Originally Posted by Bill Fitzmaurice
When I use connectors they're Speakon, on my pro-sound systems, where the cable is connected before the gig and disconnected afterwards. On my home systems I don't regularly connect and disconnect the speakers, so I don't use connectors.
Originally Posted by arnyk
Spade lugs make no sense to me. For about a buck more I can get a 4 pole Speakon. My speaker cables either have bananas because that's what they mate with on receivers and/or speakers, or Speakons because they are head and shoulders above everything else, or bare wires because that's what is on my current AVR.
I agree with both of you that the Speakon is by far the best way to connect speaker wires to amps or loudspeakers, though the problem is that commercial AVRs and consumer multichannel amps don't have Speakon outputs, and off-the-peg domestic speakers rarely have Speakon inputs. Every DIY or bespoke speaker (or amp) should definitely use them, because they're not only better but also quite inexpensive. For example, here's the link between my left flanking sub and left speaker. (I color code my speaker wires per CEA-863B, which is more OCD than anything else on the speaker end, but very useful on the amp end. Neutrik makes Speakons with appropriately-colored boots for left-center-right though no purple for subs or appropriate colors for side/rear surround.). )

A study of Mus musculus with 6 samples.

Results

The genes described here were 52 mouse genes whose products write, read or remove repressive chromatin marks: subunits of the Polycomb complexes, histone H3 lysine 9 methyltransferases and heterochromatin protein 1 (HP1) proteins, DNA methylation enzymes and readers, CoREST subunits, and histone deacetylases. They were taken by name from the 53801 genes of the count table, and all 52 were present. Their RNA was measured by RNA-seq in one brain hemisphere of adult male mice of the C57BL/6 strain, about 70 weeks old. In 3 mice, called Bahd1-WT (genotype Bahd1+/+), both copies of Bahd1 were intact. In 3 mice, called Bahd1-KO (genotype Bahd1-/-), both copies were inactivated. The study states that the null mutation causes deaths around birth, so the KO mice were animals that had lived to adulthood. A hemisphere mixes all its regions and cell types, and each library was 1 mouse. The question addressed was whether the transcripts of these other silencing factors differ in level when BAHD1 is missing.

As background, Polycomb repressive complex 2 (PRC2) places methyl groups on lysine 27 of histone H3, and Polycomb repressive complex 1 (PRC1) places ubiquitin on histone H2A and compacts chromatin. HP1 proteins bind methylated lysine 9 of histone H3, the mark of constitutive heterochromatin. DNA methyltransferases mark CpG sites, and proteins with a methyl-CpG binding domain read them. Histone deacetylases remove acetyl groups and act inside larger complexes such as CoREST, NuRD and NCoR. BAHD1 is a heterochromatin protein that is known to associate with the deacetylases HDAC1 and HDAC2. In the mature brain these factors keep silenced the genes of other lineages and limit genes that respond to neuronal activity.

As for when spade lugs make sense, let me give you an example. You want to fit an 18" deep amp
inside a 19" deep cabinet,
while being able to slide the cabinet's front door in front over the amp, and have the ventilated back panel cover the wiring in the back of the amp. (As well as the wiring for your DSP sub controller, and the wiring for your multisub amp.).
Bananas will stick out, and you won't be able to close the cabinet if you use them. Spades only add the thickness of the spade itself to the depth of the amp, so spades you're good to go. (Well, with spades on the speaker wires, and interconnects with short barrels.)
True, tinning bare wires works just as well to keep the wire together as spades do, but for someone who does not solder things very often reasonably-priced screw-compression spades end up being the better value.